In the week of the final vote for Scotland’s equal marriage bill, gay rights campaigners have accused SNP MSP John Mason of attempting to wreck the bill by tabling a series of last-minute amendments.

A stage 3 debate and vote for the Marriage and Civil Partnerships Bill (Scotland) is set to take place on 4 Feb.

However, Scotland on Sunday reports that John Mason, the Scottish National Party MSP for Glasgow Shettleston, has tabled numerous amendments recently which purport to protect the rights of those who disagree with the legislation.

One of the amendments states that no public sector employee should suffer an “detriment” for believing marriage to be between a man and a woman.

This follows a similar attempt at a wrecking amendment made in August last year, where Mr Mason tabled a motion which said no one should be “forced to be involved in” same-sex marriages.

The Equality Network charity has cautioned that these proposed changes could threaten the legislation’s passage into law.

In a briefing paper, it also points out that the UK parliament has already rejected such amendments in the past.

The paper reads: “In our view, this amendment is discriminatory, unworkable and would potentially wreck the bill by preventing the main part of it coming into effect.”

Last night, Mr Mason said: “This is not intended to be a wrecking amendment. All my amendments are intended to strengthen the protections for those who disagree with same-sex marriage.”

In October last year, the SNP MSP said he believed civil registrars should be able to opt out of marrying gay couples in Scotland – in the same way doctors of faith can refuse to perform abortions.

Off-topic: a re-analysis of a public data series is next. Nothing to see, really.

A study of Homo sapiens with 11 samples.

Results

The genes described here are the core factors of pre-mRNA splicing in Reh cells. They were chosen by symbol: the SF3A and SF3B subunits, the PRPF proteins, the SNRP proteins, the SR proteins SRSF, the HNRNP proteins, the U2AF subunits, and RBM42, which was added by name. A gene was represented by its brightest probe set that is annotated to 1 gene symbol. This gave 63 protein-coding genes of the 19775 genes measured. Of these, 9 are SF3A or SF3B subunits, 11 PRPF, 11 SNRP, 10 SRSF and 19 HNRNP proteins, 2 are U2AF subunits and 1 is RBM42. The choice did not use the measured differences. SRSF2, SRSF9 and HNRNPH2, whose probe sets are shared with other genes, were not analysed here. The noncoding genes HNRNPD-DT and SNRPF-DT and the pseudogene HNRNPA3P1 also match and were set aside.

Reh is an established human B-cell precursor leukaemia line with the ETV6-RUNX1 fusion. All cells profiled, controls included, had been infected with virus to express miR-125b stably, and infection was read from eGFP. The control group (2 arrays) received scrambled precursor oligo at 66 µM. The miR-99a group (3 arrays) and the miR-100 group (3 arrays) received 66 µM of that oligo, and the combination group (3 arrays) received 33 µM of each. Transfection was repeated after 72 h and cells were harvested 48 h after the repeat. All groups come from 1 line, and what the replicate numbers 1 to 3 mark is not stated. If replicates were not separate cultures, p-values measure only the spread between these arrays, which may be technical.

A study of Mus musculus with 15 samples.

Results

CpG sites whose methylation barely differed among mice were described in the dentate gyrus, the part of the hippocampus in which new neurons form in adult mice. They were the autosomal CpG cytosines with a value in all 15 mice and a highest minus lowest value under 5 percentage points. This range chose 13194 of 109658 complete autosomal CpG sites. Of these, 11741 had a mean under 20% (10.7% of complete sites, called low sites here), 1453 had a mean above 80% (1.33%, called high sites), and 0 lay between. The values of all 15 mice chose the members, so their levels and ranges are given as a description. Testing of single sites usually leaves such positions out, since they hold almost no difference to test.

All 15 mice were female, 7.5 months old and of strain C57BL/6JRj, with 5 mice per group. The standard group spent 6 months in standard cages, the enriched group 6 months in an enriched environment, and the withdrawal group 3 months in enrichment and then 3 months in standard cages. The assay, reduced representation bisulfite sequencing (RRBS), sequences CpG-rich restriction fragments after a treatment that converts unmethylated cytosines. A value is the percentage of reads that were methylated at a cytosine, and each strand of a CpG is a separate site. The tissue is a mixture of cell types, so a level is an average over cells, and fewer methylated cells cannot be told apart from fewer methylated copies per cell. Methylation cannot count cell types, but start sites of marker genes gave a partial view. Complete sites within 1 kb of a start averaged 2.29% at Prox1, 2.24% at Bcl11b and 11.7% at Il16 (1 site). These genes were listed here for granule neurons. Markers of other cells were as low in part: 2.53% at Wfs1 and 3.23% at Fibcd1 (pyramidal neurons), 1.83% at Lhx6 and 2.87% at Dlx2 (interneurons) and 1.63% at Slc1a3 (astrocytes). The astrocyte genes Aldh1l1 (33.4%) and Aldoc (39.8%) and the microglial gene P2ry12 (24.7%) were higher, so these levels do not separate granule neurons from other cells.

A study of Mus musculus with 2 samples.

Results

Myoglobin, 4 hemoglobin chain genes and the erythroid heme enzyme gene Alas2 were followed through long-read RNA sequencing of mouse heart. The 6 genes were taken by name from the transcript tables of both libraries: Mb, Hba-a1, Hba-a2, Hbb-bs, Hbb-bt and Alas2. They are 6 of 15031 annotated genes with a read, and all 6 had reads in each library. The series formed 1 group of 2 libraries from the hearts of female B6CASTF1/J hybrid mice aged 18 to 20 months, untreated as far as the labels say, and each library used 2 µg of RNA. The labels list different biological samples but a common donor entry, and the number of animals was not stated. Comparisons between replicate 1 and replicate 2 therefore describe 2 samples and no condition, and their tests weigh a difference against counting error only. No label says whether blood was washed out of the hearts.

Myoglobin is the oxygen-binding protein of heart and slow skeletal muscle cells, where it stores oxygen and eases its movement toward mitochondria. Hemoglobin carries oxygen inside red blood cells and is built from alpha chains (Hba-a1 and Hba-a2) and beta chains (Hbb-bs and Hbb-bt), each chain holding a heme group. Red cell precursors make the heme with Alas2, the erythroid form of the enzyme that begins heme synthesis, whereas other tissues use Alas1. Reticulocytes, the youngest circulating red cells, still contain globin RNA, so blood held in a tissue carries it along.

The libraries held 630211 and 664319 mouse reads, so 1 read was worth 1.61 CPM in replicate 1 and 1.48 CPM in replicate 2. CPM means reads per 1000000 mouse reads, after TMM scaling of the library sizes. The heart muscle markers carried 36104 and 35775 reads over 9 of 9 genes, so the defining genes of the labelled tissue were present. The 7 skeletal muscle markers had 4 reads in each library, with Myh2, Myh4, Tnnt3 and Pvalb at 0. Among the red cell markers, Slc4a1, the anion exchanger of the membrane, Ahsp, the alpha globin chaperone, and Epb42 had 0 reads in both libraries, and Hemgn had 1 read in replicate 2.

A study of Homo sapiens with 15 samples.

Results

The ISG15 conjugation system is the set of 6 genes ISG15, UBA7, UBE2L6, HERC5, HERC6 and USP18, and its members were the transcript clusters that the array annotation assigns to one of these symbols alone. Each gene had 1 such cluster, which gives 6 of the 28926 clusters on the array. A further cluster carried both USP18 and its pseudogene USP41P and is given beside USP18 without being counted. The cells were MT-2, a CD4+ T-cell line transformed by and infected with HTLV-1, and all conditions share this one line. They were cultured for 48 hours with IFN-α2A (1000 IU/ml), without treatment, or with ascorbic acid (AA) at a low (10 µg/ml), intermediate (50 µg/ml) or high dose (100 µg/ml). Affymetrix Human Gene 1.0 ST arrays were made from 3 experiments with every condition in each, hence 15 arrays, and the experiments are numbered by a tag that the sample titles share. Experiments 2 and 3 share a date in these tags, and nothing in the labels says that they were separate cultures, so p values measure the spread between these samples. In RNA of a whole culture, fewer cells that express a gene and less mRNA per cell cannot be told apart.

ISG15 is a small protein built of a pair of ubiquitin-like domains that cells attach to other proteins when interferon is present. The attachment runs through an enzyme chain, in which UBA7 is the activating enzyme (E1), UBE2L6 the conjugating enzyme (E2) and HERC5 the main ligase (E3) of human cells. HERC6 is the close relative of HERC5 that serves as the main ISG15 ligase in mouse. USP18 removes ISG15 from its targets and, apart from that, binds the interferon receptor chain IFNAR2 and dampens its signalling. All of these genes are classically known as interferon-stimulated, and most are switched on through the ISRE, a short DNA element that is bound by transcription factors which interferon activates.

The Scottish Parliament’s Equal Opportunities Committee unanimously voted to pass an amendment by MSP Linda Fabiani in favour of removing the spousal veto from the country’s equal marriage bill last month.

It means that, unlike in England and Wales, married transgender people in Scotland will no longer be forced to obtain written consent from their spouse before they can get legal recognition of their gender.

Stage two of proceedings for Scotland’s equal marriage bill was then completed. Positive amendments were passed and all the negative amendments, such as allowing opt-outs for registrars, were defeated.

The Marriage and Civil Partnerships (Scotland) Bill passed its first Stage One vote on 20 November.

A poll in December showed a majority of Scotland’s population support marriage rights for same-sex couples.

56% of Scots support the legislation going through Holyrood; 35% are opposed, while 8% are unsure.

The findings were welcomed by equal marriage campaigners who say MSPs should “take heart” from the level of support among the public.